Amazon to invest bn for cloud infrastructure in Singapore

The investment comes as rivals such as Microsoft have been making significant AI and cloud investments in Asian countries such as Japan and Indonesia.

Amazon has shared plans to double its cloud infrastructure investment in Singapore by pumping $9bn into the south-east Asian economy over the next four years.

This marks the continuing expansion of its footprint outside the US and is aimed at meeting growing international demand for cloud services provided by Amazon Web Services (AWS) as AI becomes more pervasive.

Announced as part of an AWS ASEAN summit held in Singapore today (7 May) and first reported by Bloomberg, the investment is also a way for Amazon to diversify its international cloud investment and avoid ongoing tensions between the US and China.

The company estimates that it will support roughly 12,300 full-time equivalent jobs in local Singapore businesses each year, as well as conduct AI workshops for more than a hundred businesses in partnership with the country’s government.

Just last week, Amazon posted strong financial results in its latest quarterly earnings report with net sales up 13pc and operating income from its cloud services nearly doubled. AWS sales were up 17pc to $25bn. President and CEO Andy Jassy celebrated a “good start to the year”.

“The combination of companies renewing their infrastructure modernisation efforts and the appeal of AWS’s AI capabilities is reaccelerating AWS’s growth rate, now at a $100bn annual revenue run rate,” Jassy said.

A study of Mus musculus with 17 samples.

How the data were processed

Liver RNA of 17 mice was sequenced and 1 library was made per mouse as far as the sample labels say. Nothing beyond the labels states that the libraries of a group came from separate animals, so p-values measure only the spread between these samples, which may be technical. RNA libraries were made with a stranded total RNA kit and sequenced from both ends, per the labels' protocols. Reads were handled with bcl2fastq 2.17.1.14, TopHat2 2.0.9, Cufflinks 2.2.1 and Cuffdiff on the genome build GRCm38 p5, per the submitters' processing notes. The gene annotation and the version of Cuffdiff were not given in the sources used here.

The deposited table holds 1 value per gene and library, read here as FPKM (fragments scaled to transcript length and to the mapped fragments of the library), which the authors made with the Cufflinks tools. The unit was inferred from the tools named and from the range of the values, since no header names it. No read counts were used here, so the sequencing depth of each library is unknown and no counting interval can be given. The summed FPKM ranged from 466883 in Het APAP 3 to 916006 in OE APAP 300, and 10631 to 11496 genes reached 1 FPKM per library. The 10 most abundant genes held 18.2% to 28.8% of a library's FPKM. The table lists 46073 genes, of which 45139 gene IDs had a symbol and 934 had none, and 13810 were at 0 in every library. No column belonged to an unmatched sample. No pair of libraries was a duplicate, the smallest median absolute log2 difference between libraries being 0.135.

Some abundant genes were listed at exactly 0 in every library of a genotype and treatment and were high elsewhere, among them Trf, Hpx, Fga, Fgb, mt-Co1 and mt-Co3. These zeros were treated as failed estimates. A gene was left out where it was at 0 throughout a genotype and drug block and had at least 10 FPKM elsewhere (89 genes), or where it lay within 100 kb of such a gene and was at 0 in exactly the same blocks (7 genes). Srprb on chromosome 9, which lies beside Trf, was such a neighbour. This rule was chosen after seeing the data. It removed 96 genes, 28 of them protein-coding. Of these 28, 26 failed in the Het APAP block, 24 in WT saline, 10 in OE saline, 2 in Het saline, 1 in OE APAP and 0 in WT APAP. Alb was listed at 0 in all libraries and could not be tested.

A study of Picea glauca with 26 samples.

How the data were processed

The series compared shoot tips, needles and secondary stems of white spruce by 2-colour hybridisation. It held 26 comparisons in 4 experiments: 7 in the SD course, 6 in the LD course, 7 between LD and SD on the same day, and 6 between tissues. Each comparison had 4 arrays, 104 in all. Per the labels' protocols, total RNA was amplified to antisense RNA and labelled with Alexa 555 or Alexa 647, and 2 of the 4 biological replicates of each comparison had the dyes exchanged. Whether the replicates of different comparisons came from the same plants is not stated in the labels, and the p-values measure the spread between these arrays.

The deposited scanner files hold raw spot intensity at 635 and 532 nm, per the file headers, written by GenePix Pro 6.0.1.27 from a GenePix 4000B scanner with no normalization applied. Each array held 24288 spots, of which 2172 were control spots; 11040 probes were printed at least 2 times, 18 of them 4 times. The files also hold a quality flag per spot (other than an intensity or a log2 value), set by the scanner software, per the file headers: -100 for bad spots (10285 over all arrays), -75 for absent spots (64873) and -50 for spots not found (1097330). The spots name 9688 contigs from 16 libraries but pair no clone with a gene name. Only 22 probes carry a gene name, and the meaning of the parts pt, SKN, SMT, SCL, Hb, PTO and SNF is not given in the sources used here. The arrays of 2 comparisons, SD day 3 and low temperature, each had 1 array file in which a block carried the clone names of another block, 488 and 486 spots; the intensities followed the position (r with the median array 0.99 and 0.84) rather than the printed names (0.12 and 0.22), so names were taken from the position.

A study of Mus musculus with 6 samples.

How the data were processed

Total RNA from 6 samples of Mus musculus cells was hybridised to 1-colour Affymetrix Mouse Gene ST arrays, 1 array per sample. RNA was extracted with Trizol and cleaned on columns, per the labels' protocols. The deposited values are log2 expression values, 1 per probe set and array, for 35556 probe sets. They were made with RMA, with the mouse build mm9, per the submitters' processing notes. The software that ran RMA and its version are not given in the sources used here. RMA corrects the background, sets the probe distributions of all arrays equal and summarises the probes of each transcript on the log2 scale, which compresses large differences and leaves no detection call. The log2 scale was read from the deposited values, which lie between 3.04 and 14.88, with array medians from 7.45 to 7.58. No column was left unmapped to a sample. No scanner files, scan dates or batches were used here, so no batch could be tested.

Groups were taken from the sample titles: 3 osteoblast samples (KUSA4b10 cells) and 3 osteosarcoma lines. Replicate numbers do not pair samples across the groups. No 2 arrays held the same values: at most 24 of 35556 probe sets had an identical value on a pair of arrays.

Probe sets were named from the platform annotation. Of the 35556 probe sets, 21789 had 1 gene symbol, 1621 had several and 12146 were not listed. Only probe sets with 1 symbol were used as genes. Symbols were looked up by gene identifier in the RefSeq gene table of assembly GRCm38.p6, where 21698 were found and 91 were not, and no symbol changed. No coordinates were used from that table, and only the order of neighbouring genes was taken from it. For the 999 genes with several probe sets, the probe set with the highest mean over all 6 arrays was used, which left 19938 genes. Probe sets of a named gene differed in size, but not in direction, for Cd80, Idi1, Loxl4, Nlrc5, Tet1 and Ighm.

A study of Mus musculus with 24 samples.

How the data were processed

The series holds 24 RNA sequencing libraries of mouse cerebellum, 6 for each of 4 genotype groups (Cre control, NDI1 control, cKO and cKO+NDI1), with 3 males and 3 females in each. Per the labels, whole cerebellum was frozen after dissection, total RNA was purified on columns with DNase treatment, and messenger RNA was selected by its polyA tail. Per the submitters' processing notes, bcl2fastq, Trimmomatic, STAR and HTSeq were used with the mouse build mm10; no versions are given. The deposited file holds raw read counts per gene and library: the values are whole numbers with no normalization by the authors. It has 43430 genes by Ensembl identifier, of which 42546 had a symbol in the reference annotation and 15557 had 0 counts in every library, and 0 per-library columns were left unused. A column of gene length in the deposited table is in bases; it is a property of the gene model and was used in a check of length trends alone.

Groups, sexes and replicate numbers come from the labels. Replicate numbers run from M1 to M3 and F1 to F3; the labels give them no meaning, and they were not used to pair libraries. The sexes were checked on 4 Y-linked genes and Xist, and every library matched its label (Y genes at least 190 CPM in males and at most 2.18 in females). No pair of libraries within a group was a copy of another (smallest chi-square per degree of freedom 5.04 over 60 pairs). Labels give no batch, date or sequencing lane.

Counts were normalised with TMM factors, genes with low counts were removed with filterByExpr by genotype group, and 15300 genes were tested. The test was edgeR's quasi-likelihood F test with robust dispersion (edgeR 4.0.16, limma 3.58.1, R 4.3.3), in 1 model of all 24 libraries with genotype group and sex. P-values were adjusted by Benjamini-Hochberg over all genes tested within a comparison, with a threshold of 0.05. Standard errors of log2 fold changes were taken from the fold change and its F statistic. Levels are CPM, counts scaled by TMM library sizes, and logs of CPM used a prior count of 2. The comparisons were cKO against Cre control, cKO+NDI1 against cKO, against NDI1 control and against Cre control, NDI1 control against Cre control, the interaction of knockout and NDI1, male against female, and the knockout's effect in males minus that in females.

AWS operating income stood at $9.4bn in the first quarter, compared to just over $5bn in the same period last year. Last November, the Amazon cloud division revealed an AI assistant called Q that is designed for business environments.

Amazon has been pumping billions into generative AI to enhance its business, particularly in cloud. In March, it invested $2.75bn into Anthropic (which recently opened its first EU office in Dublin) to complete a $4bn investment commitment it made last year.

But it faces stiff competition from rivals such as Microsoft, which has been investing heavily in AI and cloud infrastructure around the world. Last week, Microsoft made a $2.2bn commitment to Malaysia over the next four years. This came after similar investment in Japan and Indonesia last month.